The trusted source for
healthcare information and
Prediabetes and Bell's Palsy
Abstract & Commentary
By Joseph E. Safdieh, MD, Assistant Professor of Neurology, Weill Medical College, Cornell University. Dr. Safdieh reports no financial interest in this field of study.
Synopsis: When compared with controls, patients with Bell's palsy were found to have a higher incidence of impaired glucose tolerance.
Source: Bosco D, et al. Bell's Palsy: A manifestation of prediabetes? Acta Neurol Scand 2010;June 9 [epub ahead of print].
Bell's palsy is the most common cause of peripheral facial weakness. Other causes include trauma, Lyme disease, Ramsay-Hunt syndrome, neoplasms, sarcoidosis and vasculitis. Bell's palsy has been described in all age groups, with peak incidence noted in the fifth decade of life. It occurs more commonly in diabetic patients and pregnant women. Prediabetes is defined as impaired fasting glucose or impaired glucose tolerance following a two-hour oral glucose tolerance test (OGTT). Recently, studies have demonstrated that impaired glucose tolerance is associated with peripheral neuropathy, and may be a cause in a significant percentage of patients with idiopathic peripheral neuropathy. The authors designed a prospective study to evaluate the incidence of prediabetes in patients with Bell's palsy and a control group.
Patients were included in the study if they presented with Bell's palsy. Exclusion criteria included positive family history of facial palsy, concomitant peripheral neuropathy, alcoholism, premorbid use of steroids, pregnancy, sarcoidosis, Lyme disease, autoimmune diseases, abnormal organ function, and multiple sclerosis. All patients underwent MRI, MRA, electromyography and nerve conduction studies, and chest x-ray. Blood testing was performed for ACE level, HIV, B12 deficiency, and Lyme disease. The authors reported that all of the above tests were normal in every subject. Testing for "prediabetes" included BMI, hemoglobin A1C, and glucose and insulin levels while fasting and two hours after a glucose load. Impaired glucose tolerance was defined as two-hour post-prandial glucose level between 140 and 200 mg/dL. Diabetes was defined as fasting glucose > 126 mg/dL or two-hour glucose level > 200 mg/dL. Of note, this testing was all done before any steroid administration to treat the Bell's palsy.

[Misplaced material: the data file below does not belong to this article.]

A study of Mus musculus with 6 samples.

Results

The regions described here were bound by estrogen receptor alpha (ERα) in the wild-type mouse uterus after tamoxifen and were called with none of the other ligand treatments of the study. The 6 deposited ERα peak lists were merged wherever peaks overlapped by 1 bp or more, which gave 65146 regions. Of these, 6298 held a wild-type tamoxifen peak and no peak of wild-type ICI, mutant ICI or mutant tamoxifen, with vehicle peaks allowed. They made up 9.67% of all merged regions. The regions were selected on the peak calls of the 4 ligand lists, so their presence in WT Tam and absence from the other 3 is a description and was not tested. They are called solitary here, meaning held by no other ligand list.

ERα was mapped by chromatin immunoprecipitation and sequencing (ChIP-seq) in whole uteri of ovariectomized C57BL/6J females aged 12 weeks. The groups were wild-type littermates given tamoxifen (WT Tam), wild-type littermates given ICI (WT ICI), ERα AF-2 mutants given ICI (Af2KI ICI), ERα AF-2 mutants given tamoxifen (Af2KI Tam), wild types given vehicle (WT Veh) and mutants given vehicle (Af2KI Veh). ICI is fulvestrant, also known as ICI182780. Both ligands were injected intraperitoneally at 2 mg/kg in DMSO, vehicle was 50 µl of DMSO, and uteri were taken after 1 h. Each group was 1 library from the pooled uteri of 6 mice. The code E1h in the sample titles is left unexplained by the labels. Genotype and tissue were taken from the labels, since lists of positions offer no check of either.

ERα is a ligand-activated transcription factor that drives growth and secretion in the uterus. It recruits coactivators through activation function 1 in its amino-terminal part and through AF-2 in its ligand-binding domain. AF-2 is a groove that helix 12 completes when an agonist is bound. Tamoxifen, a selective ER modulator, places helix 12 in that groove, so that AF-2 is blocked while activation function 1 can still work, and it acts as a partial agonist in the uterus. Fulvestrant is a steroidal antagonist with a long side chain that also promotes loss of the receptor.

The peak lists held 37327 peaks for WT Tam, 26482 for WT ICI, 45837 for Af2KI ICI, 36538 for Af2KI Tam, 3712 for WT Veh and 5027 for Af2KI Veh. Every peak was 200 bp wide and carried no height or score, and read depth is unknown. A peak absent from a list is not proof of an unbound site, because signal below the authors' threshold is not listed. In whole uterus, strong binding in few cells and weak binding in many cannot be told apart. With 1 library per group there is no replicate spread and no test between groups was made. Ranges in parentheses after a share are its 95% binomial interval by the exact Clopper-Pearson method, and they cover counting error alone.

The study enrolled 148 patients with Bell's palsy (mean age 56.1 years) and 128 controls (mean age 50.5 years). The mean fasting glucose was not significantly different between the two groups. However, a statistically significant difference was detected between the two groups in the results of the two-hour OGTT. In the control group, 24% demonstrated impaired glucose tolerance or diabetes (23 IGT, 8 DM). In the Bell's palsy group, 61% of patients demonstrated impaired glucose tolerance or diabetes (60 IGT, 31 DM). After adjustment for age, the differences between the groups was significant, with P < 0.001. Of note, waist circumference, hemoglobin A1C, mean blood pressures, lipids, and triglyceride levels were not different between the groups. The authors conclude that impaired glucose tolerance is frequently associated with Bell's palsy.
Most physicians in clinical practice are quite familiar with the various neurological manifestations of diabetes. Diabetes is the most common cause of peripheral neuropathy, and recent studies have shown that insulin resistance and impaired glucose tolerance contribute to the development of peripheral neuropathy. It is therefore logical to conclude that Bell's palsy, which is a mononeuropathy, would be associated with prediabetes. This study did demonstrate an alarmingly high rate of impaired glucose tolerance and frank diabetes in patients with Bell's palsy. Of note, the hemoglobin A1C and fasting glucose tests were not different between the groups. Based on the conclusions of this study, it is reasonable to consider a 2-hour OGTT in the evaluation of patients with Bell's palsy, but the results of this study should be replicated before OGTT in patients with Bell's palsy is recommended as part of routine clinical practice.